PVH Corporation (PVH), which owns well-known brands including Calvin Klein, Tommy Hilfiger, Van Heusen, Arrow, and Izod, is one of the largest US fashion companies with nearly $9.2 billion in sales revenues in 2022.
By leveraging PVH’s publically released factory lists, this article analyzes the company’s detailed sourcing strategies and changes from 2021 to 2022. Key findings:
Trend 1: PVH adopts a diverse apparel sourcing base and continues to work with more vendors. Specifically, in 2022, PVH sourced apparel from as many as 37 countries in Asia, Europe, America, the Middle East, and Africa, the same as in 2021. Despite not expanding the number of countries it sources from, PVH increased its total number of vendors from 503 in 2021 to 553 in 2022, highlighting the company’s ongoing commitment to diversifying its sourcing base.
Trend 2: Asia is PVH’s dominant sourcing base for finished garments and textile raw materials.
Specifically, about 56.2% of PVH’s apparel suppliers were Asia-based in 2022, followed by the EU (20.3%). Compared with a year ago, PVH even added twenty new Asia-based factories to its supplier list in 2022, suggesting no intention of reducing sourcing from the region. Moreover, From 2021 to 2022, as many as 83% of PVH’s raw material suppliers were Asia-based, far exceeding any other regions.
Trend 3: PVH’s China sourcing strategies are evolving and more complicated than simply “reducing China exposure.”
- First, PVH continued to work with MORE Chinese factories. Specifically, between 2021 and 2022, PVH added 17 Chinese factories to its apparel supplier list, more than other countries. However, the expansion could be because of PVH’s growing sales in China.
- Second, PVH’s garment factories in China are smaller than their peers in other Asian countries. For example, in 2022, most PVH’s contracted garment factories in top Asian supplying countries, such as Bangladesh (87.5%), Vietnam (63.3%), and Sri Lanka (65.3%), had more than 1,000 workers. In comparison, only 11.3% of PVH’s Chinese vendors had 1,000 workers, and more than 62.5% had fewer than 500 workers. The result suggests that PVH treats China as an apparel sourcing base for flexibility and agility, particularly those orders that may include a greater variety of products in relatively smaller quantities.
- Further, PVH often priced apparel “Made in China” higher than those sourced from the rest of Asia.
Trend 4: PVH actively used “emerging” sourcing destinations outside Asia. Other than those top Asian suppliers, PVH’s apparel sourcing base includes several countries in America, the EU, and Africa that deserve more attention, including Portugal, Brazil, Tunisia, and Turkey. Overall, PVH sourced from these countries for various reasons, from serving local consumers, seeking sourcing flexibility, accessing raw materials, and lowering sourcing costs.
by Sheng Lu and Ally Botwinick
Further reading: Lu, Sheng & Botwinick, Ally (2023). US fashion companies’ evolving sourcing strategies – a PVH case study. Just-Style. Retrieved from https://www.just-style.com/features/us-fashion-companies-evolving-sourcing-strategies-a-pvh-case-study/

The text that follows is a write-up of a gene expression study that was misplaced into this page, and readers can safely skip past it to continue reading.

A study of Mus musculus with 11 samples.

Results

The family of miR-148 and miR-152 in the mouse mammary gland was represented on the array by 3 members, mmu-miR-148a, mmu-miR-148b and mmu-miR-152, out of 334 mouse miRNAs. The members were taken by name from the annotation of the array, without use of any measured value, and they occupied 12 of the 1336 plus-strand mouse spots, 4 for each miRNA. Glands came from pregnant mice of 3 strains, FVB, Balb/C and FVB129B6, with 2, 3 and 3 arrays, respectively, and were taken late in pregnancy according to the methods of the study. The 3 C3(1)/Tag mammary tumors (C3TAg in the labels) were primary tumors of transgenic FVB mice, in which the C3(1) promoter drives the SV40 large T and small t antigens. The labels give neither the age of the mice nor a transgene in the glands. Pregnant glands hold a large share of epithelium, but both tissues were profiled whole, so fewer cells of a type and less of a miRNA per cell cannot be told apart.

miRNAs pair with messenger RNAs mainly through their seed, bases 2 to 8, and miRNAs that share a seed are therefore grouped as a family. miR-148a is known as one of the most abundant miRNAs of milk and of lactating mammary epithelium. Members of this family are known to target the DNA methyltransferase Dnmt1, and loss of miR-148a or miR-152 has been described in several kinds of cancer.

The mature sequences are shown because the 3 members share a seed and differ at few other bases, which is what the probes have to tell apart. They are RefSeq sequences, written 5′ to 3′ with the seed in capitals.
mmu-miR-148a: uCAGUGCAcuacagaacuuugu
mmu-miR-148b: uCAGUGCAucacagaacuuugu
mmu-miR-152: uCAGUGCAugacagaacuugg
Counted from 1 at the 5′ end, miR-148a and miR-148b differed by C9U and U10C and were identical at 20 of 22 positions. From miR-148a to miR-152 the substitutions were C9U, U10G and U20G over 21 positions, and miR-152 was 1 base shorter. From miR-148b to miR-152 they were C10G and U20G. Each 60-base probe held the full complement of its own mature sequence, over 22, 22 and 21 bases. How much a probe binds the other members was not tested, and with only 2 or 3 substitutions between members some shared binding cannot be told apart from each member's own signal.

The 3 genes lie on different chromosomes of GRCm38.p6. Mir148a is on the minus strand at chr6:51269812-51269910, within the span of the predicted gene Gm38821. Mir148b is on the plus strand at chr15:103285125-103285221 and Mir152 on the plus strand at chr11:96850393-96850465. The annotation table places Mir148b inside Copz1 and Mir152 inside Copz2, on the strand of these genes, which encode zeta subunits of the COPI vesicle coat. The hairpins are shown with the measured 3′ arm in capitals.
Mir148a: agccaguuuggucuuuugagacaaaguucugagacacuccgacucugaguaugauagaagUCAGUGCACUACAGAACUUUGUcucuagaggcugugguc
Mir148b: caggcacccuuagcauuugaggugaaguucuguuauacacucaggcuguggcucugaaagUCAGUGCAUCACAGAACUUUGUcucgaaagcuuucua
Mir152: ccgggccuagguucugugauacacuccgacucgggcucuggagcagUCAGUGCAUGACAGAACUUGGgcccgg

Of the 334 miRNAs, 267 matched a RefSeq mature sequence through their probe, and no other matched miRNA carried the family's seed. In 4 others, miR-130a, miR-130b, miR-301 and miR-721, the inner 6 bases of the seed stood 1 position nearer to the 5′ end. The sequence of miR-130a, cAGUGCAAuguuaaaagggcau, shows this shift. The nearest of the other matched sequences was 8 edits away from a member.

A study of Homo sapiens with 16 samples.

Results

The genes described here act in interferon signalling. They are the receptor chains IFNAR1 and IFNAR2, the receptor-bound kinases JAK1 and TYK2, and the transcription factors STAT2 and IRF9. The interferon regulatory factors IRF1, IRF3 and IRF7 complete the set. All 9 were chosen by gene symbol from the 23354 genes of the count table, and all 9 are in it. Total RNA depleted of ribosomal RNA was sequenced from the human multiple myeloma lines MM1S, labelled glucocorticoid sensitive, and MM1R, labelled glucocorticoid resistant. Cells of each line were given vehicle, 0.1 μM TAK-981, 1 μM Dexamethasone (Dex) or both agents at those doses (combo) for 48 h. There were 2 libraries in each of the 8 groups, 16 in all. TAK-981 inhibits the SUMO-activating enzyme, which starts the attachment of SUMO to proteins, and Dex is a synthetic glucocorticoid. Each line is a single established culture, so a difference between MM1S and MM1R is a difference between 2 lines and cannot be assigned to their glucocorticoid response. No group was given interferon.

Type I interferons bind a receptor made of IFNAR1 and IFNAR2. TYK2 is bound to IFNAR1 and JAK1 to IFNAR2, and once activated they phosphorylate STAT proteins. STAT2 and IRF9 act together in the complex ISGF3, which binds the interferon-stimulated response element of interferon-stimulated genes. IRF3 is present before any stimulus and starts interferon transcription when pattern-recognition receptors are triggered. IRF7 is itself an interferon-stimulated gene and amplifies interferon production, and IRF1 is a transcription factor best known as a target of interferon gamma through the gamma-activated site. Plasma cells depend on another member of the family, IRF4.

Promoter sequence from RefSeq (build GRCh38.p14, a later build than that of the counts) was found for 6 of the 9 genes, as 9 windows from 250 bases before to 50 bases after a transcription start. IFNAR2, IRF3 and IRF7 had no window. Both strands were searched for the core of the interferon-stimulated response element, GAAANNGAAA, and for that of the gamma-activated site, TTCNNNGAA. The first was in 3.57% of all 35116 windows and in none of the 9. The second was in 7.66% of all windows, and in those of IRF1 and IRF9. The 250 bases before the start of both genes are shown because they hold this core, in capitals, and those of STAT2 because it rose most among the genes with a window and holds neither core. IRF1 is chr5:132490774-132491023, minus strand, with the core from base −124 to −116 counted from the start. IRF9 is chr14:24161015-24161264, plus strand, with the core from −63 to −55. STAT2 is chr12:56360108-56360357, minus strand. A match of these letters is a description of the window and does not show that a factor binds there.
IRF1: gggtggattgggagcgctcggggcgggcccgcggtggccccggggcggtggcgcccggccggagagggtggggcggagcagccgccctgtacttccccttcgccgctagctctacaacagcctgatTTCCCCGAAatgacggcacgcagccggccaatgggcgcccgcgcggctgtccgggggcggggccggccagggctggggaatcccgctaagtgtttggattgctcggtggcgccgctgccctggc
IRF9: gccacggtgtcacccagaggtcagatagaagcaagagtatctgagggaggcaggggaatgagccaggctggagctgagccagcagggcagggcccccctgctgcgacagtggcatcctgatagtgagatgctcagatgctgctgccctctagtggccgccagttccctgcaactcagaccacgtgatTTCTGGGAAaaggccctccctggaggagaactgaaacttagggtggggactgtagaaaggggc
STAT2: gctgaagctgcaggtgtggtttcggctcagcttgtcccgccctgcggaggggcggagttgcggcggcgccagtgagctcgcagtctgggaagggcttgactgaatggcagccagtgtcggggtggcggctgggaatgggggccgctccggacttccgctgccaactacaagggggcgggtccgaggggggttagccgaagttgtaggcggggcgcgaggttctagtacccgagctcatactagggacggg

2 thoughts on “New Study: PVH Corporation’s Evolving Apparel Sourcing Strategies”
This article was very interesting to me after reading the Fashion Industry Benchmarking Study for one of our assigned readings. In the Fashion Industry Benchmarking Study, it touched upon similar themes mentioned in this article, including the fact that many retailers are diversifying their sourcing portfolio and shifting away from China as a main sourcing location. It is interesting to see a company with some of the most well-known brands following exactly what was talked about in the other article.
Besides that, I find the fourth trend to be incredibly interesting, with PVH looking outside the usual countries to source from. I remember in class touching upon Turkey as a potential new sourcing destination, and I find it smart for PVH to continue to diversify their sourcing locations to get the best products. I am interested to see if more well known or large companies will follow suit with choosing to source from more “emerging” sourcing destinations.
Thank you for sharing your great thoughts. When analyzing the data, we found it interesting that PVH worked with MORE factories in China from 2021 to 2022. This differs from the perception that US companies are “reducing China exposure.” However, the result makes sense after checking PVH’s corporate strategy, which still sees China as an emerging sales market. Increasingly, US companies may choose to develop a sort of “dural” supply chain, i.e., “Made in China for China,” and “Made in the rest of the world” for the main US and EU markets.
I would love to see more fashion companies release more detailed factory-level data, which provides new opportunities to understand the supply chain beyond the macro trade data.